34 people, including 2 children, have been found dead after a ship which was carrying approximately 60 refugees came into distress in the early hours of Sunday morning. The people on board called the Coordination Center for Maritime Rescue as the ship started to sink while still in the Moroccan Alawi rescue zone, but no help reached them for 36 hours.

Helena Maleno, founder of the Spanish NGO Caminando Fronteras (Walking Borders) said that the Spanish Maritime Safety and Rescue Agency had received a distress call from the passengers early on Sunday morning, giving them the boat’s approximate location. However, with the ship still within Morocco’s geographical jurisdiction, the Spanish authorities then conveyed the call to the Moroccan authorities, who did not reach the boat until Monday afternoon. According to Reuters, Helena Maleno said “Morocco and Spain cooperate closely at the security level to crack down on trafficking networks but they are not doing enough to save lives at sea”.

Just last week, a 22 year old law student who was also attempting to cross from Morocco to Spain was shot dead by the Navy, who claimed that they were forced to open fire (carrying 25 people) because the Spanish captain was refusing to obey orders. Another person injured by the shooting was left in a critical condition in hospital facing a leg amputation.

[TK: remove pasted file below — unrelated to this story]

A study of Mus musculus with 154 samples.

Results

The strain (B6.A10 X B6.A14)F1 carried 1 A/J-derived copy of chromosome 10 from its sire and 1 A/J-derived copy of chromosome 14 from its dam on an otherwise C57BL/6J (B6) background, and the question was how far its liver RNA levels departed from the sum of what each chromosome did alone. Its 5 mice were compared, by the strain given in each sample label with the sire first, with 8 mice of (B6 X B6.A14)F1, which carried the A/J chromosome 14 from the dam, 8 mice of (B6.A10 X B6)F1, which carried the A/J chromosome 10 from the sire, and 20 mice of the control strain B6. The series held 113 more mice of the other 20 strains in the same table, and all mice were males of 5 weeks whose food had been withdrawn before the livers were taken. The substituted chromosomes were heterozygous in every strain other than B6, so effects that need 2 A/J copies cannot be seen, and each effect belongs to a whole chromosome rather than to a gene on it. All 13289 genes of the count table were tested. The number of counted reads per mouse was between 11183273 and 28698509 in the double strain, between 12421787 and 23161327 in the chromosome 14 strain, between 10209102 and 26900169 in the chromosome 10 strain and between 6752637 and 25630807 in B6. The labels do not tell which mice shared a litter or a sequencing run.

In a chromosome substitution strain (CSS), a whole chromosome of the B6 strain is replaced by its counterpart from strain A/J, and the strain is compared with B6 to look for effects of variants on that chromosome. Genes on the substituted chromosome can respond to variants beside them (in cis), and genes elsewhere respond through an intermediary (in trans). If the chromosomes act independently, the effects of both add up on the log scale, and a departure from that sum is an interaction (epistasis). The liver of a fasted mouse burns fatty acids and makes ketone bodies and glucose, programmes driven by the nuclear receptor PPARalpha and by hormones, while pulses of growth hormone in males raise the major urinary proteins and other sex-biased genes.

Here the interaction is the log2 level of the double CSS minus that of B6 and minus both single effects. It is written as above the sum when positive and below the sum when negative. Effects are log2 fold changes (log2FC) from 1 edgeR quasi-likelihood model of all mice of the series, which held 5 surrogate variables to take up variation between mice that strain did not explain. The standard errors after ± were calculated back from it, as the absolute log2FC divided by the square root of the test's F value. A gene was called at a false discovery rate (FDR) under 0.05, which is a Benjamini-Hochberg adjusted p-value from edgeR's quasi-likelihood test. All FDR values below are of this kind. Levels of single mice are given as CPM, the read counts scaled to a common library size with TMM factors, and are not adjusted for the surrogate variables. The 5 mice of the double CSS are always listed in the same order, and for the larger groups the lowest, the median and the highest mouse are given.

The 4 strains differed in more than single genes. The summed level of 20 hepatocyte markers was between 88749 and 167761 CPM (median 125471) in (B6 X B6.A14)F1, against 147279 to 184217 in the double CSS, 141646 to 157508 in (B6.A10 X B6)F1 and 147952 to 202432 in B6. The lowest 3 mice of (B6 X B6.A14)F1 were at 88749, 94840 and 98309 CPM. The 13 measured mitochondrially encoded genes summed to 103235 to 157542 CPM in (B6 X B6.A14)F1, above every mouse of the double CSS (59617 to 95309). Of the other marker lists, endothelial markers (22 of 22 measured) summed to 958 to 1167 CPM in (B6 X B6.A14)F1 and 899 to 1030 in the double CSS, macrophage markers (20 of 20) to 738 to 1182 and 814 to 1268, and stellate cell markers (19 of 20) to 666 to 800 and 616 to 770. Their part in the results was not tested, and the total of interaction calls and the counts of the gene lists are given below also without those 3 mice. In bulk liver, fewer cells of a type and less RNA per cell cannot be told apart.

Morocco says it has intercepted over 54,000 attempted migrant crossings to Spain in the last six months in alone. However the incident comes amid a sharp rise in the number of refugees dying in the Mediterranean, with more than 1,700 deaths recorded this year by IOM as of the 2 October. In Spain there have been more than double the number of deaths of refugees at sea than within the same time timeframe of 2017.

IOM express further concern; “In the past two weeks, the remains of 12 migrants have washed up at different locations on the shores of Morocco and Spain. These cases are not connected to any known shipwreck, an alarming trend indicating that some boats may sink without the knowledge of any authorities. If there are no survivors, an incident may go entirely unrecorded”.


This article appeared in the ECRE Weekly Bulletin . You can subscribe to the Weekly Bulletin here.